Love in the time of artificial distress
By Heather Morris
In a recent interview Allie Jessing, who played Fiordiligi in the UC Santa Cruz production of Cosi fan tutte expressed the reasons why she enjoys performing in operas. ‘It gives me a feeling of exhilaration, of being lost in the music.’ These are prime reasons why audiences attend operas and judging by the packed house at UCSC on Saturday evening, opera is very much alive in Santa Cruz. Because this was a college venue the audience had much greater contingent of younger adults than most operas I’ve attended recently and they clearly appreciated the shenanigans on stage.
However, this story of temptation and betrayal is an uncomfortable one, and it’s this mix of humor and anxiety that makes the opera so compelling. A one-time librettist to the Italian Theater in Vienna, collaborating with Mozart in three operas, Lorenzo Da Ponte took up a similar post in London before debt caused him to flee to New York where he set up the first opera house in the United States. It is, perhaps, not so surprising then that Da Ponte, having spent much of his own life ‘in disguise’—a Jew by birth who later converted to Catholicism, became a priest and had two children with his mistress—was able to embrace the time-honored opera cliché of disguise in such a commanding way.
The plot centers on two soldiers, Ferrando and Guglielmo who take on disguises and tempt each other’s lovers to be unfaithful, in order to win a bet concocted by Don Alfonso. The comedic side of this production, whose title translates as ‘They’re All Like That’, was much to the fore in artistic director Brian Staufenbiel’s imagination when he chose to set the 1789 opera in the 1920s, at the finish line of the Tour de France. From time to time exhausted cyclists pedal across the stage adding fleeting moments of levity to the anguish felt by the two sets of lovers who are tested to find out just how fickle human nature can be, while the idyllic rustic set belies the duplicity of the plot. This juxtaposition of humor and anxiety plays out in the vocal trios, quartets and quintets when the characters are simultaneously expressing different emotions set to different words. This can present difficulties with the supertitles, but the characterization that the soloists established in this performance left us in no doubt as to their emotional states at any given time.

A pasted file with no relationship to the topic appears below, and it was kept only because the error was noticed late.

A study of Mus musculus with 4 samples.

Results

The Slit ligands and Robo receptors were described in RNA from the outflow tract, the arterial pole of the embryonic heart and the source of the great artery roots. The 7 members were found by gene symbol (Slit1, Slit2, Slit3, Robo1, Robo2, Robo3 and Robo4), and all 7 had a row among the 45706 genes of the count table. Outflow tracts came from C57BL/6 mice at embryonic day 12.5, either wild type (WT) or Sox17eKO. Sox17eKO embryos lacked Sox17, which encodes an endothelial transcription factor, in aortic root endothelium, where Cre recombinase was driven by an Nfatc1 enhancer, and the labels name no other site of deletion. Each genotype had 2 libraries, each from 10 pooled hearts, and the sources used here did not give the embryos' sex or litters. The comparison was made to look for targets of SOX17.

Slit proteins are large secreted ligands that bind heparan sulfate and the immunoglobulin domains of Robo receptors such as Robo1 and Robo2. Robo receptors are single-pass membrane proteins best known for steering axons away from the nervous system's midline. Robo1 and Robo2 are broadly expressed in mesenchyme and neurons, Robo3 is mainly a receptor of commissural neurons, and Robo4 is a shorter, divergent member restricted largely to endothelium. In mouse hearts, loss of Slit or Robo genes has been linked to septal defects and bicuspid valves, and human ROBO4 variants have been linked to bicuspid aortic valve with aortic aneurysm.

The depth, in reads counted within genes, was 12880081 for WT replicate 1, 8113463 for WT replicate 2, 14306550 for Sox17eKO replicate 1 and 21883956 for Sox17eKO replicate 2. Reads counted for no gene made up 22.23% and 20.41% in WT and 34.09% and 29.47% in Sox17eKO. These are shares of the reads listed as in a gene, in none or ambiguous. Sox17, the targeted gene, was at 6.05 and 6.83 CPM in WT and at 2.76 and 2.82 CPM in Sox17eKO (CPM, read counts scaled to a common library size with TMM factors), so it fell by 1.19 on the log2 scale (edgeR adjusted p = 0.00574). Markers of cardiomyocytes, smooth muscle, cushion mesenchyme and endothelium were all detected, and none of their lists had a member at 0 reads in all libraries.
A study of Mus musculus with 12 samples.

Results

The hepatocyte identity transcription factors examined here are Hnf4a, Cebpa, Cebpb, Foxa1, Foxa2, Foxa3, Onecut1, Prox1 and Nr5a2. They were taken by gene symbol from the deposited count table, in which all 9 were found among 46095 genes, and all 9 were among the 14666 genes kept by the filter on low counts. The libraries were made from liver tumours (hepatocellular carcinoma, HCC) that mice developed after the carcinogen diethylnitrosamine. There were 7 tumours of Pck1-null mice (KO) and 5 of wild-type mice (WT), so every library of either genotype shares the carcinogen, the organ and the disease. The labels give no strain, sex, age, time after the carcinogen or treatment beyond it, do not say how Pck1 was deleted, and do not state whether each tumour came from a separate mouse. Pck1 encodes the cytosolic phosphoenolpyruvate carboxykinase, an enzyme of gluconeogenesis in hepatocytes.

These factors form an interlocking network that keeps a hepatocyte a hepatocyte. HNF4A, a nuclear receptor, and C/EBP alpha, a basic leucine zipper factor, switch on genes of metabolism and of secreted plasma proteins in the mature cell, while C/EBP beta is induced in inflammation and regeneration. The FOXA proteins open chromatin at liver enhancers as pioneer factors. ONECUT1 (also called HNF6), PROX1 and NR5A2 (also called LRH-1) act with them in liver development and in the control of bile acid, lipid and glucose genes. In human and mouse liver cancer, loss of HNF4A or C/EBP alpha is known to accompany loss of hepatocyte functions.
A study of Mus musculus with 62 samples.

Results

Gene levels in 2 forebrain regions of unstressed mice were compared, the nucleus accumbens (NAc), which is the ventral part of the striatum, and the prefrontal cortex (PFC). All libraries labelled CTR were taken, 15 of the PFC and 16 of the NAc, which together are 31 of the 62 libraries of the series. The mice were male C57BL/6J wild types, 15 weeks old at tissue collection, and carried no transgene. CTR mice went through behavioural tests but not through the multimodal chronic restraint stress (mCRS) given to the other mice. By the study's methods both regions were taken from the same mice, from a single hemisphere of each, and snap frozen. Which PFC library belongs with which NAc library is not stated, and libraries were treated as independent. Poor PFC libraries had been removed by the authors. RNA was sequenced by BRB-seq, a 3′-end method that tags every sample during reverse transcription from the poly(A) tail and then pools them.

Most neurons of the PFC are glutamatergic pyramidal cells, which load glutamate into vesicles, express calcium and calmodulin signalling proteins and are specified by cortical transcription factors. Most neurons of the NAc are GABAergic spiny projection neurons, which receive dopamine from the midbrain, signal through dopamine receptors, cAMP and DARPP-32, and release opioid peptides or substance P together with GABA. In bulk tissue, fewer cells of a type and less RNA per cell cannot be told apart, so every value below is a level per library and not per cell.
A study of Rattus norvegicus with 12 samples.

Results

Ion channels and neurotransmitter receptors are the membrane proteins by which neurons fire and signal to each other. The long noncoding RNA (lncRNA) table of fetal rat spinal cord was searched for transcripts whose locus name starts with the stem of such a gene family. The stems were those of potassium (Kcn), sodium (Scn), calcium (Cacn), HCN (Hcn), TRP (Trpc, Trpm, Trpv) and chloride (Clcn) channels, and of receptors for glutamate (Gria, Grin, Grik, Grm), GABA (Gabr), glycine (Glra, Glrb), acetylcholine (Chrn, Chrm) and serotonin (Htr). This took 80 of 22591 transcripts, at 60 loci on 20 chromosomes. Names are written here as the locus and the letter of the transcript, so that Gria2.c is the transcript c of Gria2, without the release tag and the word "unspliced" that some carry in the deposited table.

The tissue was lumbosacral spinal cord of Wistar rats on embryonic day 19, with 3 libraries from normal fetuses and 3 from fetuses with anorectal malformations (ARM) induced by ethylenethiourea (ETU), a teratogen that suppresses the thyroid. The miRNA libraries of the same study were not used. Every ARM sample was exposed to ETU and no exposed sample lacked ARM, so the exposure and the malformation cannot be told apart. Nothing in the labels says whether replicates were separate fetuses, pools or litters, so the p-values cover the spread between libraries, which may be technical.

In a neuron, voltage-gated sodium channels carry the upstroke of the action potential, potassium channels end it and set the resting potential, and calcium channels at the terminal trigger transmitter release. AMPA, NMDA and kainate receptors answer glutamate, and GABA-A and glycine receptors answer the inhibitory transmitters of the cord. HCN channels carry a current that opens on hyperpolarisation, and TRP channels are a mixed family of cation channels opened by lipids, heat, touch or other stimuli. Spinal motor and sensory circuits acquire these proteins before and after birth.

In the guise of members of the Albanian cycling team Ryan Bradford and Shane Liliedahl seemed to thoroughly enjoy their roles, and appeared more comfortable than in the opening scenes when they play themselves. Was this intentional? Maybe so, but perhaps it was just a case of warming to the role and the audience response as the evening progressed. The other master of disguise was Despina, played with wit and aplomb by Cora Frantz, who won the audience’s hearts from the very beginning with sassy acting skills combined with a light silvery voice. The role of Don Alfonso, admirably sung by Rolfe Dauz, is primarily a supporting role musically, though his wager is the catalyst for the whole opera. But Mozart reserved his most taxing music for Fiordiligi, played supremely by Allie Jessing. She showed impeccable vocal control especially in the bravura aria Come scoglio and she played her part throughout with poise and conviction. Her kinship with her sister, Dorabella, charmingly portrayed by Rachel Rush, was reflected in their outfits of two shades of blue, the only strong color on stage for the scene of the signing of betrothal by the notary; a strong statement from costume designer Christina Dinkel.
The well balanced opera chorus added its commentary as the storyline evolved and Nicole Paiement conducted the score with sensitivity and artistry capturing the essence and elegance of Mozart’s music.